5 things to remind yourself as you approach labour


I decided I wanted my experience to be different from those I'd heard about, so I did a calm birthing course to help me approach labour feeling empowered, confident and positive.

As I reach full-term now with my second pregnancy, it's time, once again, to reflect on the things that helped me achieve my first amazing birth - and hope for a second one to join it.

1. Stay positive

It's so important to approach labour and birth in a positive mind frame; it's truly amazing how what we believe and expect from something can change how we experience and react to it.

Childbirth is daunting and extremely hard work, both physically and mentally. When you're bombarded with traumatic stories of birth, your own thoughts and expectations of childbirth can sway in the same direction. Equally, if you have given birth before and did unfortunately experience first-hand one of these distressing stories, it's hard to expect anything else but the same.

It's crucial to remember that all births are different. Seek out positive birth stories and try to approach the impending arrival with confidence in your body and your mind to overcome anything it is faced with during those intense hours.

2. Remember to breathe/imagine/count during contractions

By this, I mean that you should do whatever it is that you find works for you. I found that counting my breaths would remind me that the contraction would end at some stage. I would think "If I can get to 20 counts, it will be gone." And that's what worked for me.


One of my friends coped by imagining her baby making its way out to her, and another friend managed by swearing and yelling at anyone who approached her. Each to their own. Find what works for you and embrace it.

3. Know the stages of labour

If you have an understanding of what to expect it can be less confronting. I decided not to read about all the possible complications that one could encounter, as it made me worry. Instead, I read up on the three stages of labour and the usual steps you move through in a typical labour (if there is such a thing!).

Knowing a little bit of the biology of it all helped me as I was aware of what the contractions were doing physically to my body, and why they were necessary. I tried to keep calm and remember that the more relaxed I could be, the greater progress my body would make.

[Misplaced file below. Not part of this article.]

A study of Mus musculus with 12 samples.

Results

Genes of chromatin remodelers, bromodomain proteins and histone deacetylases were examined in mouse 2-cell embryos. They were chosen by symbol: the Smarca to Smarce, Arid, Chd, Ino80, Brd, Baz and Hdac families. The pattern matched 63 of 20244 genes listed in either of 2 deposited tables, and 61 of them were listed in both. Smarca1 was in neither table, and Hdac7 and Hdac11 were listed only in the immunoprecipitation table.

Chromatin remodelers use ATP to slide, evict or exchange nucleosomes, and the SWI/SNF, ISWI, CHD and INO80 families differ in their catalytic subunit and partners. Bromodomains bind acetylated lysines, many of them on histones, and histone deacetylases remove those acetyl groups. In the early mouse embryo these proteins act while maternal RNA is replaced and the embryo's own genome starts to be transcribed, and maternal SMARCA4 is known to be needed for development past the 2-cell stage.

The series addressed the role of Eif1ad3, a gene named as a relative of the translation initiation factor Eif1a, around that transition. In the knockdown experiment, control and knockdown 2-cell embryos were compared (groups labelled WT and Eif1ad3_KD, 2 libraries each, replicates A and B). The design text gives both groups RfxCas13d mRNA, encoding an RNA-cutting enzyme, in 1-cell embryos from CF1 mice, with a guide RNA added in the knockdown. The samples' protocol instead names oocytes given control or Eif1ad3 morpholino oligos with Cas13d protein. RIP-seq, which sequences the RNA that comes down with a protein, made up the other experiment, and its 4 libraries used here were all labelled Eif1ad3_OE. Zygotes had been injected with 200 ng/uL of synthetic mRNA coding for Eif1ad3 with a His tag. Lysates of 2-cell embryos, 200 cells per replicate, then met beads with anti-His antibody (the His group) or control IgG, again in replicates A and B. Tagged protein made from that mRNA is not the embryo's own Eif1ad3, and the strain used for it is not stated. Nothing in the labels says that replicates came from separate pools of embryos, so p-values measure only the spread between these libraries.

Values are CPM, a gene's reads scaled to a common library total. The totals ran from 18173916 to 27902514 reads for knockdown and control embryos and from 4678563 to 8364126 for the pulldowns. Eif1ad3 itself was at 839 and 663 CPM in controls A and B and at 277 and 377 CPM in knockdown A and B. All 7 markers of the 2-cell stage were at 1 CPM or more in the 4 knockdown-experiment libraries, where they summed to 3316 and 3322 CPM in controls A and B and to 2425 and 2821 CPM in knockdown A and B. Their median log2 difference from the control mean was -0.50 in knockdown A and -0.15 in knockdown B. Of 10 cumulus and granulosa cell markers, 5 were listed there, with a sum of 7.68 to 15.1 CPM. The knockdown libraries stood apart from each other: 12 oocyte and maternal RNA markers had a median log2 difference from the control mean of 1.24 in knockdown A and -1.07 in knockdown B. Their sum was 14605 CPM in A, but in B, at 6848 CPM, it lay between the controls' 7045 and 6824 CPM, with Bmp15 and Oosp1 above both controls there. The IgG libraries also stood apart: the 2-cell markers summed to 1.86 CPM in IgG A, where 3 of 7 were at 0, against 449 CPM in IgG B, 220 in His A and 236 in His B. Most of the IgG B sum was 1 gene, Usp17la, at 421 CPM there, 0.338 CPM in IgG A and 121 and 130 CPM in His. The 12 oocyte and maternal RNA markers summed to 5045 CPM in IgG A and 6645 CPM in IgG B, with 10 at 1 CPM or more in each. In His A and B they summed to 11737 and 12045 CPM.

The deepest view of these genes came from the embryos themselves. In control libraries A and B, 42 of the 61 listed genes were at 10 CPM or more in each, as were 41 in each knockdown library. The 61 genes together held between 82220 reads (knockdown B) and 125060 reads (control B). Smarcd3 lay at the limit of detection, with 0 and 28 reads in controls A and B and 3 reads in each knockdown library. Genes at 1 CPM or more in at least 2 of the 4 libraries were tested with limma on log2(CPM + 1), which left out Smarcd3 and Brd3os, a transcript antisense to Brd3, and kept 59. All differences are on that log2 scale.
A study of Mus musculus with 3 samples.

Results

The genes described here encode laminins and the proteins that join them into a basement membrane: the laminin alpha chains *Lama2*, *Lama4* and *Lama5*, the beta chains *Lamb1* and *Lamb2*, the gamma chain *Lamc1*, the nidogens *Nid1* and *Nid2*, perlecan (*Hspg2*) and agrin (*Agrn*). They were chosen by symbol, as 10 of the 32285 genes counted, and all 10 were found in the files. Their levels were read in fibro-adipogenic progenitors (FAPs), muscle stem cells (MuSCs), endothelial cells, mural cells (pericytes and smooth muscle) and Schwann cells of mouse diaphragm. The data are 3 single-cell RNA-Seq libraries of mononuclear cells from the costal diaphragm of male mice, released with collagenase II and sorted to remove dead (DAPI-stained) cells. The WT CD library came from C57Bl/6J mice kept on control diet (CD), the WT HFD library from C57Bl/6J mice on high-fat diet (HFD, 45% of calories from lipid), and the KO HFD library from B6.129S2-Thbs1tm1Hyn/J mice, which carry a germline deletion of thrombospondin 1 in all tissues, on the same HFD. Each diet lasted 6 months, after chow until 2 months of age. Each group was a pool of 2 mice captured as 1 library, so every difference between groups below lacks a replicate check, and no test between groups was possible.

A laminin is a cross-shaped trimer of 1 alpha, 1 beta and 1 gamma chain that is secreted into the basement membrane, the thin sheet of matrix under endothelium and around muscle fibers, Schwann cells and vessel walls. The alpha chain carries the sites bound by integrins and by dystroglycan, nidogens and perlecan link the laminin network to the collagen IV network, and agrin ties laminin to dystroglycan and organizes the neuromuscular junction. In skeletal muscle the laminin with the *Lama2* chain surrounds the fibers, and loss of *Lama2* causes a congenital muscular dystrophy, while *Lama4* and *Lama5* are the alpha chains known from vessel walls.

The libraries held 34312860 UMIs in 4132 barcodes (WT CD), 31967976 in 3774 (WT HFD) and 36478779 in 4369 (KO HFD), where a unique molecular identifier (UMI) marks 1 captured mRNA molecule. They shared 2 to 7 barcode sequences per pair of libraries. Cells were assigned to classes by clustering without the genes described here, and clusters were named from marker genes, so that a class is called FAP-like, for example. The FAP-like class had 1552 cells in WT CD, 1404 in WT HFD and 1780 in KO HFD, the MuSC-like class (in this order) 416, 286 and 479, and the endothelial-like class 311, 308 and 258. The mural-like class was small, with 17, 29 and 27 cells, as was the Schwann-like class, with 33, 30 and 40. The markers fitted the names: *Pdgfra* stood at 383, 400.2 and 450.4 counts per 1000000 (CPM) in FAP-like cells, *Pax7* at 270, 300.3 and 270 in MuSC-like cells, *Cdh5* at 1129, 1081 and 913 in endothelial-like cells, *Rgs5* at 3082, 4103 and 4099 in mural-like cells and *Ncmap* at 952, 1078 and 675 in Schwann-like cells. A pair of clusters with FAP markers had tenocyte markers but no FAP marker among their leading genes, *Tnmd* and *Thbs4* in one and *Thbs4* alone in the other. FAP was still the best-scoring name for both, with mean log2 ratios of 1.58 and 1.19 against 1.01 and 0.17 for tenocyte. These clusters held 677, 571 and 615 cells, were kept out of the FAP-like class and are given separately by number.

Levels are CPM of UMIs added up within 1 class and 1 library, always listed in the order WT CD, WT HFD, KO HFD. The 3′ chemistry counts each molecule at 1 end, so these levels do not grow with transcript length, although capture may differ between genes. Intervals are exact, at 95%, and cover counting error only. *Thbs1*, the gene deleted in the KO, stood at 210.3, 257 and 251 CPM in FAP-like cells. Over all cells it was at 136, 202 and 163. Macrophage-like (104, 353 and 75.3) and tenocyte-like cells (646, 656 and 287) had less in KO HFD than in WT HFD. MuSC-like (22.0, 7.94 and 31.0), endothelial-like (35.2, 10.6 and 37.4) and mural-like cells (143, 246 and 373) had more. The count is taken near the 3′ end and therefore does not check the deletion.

I remember thinking at one stage that this was it for me. I was done. There was no possible way that I could mentally or physically have this baby anymore. I looked at my midwife and husband and plainly stated "I can't do this." It was at that point I thought maybe I was in transition, as I had read that was normally the moment where mothers would lose all hope or lose their minds. It gave me just that little bit of encouragement to push through (yes, literally).

4. Be open with your support partner

It's important that your birth partner knows what will help you during labour. It's stressful for them too, and they can become overwhelmed with what they're observing.

In my case, my support person was my husband. Don't get me wrong - he's an incredibly loving, kind and smart man (I did marry him after all). But he is a man. I made sure I was clear about the things I wanted him to do during labour, and what I needed from him in the way of encouragement and support. He ended up doing an outstanding job, and not once did he complain about how sore his hands were massaging my back. Lucky for him.

5. You cannot fail

Regardless of how much one can prepare themselves for labour and birth, some will still be confronted with unexpected challenges. I headed into labour with definite birth intentions, but I wasn't bound by them. In the case that things didn't go to plan, I was okay to accept that changes may have to happen. I may not have that water birth, I may have a caesarean … I may even give birth in the car on the way to hospital.

It was important for me to remind myself that in the case my birth plan didn't eventuate, I hadn't failed. Failure wasn't a word I wanted to enter my mind. My body would do the very best it could. If I needed intervention, or if I just WANTED intervention, that was fine.

Everyone has their own stories, whether it be a water birth, the planned caesarean, the induced birth or give-me-every-type-of-drug-you-have birth. I will take whatever path I need to safely bring my baby into the world happy and healthy. I will approach labour and childbirth hoping for the best and excited. I simply cannot wait to meet my little soulmate.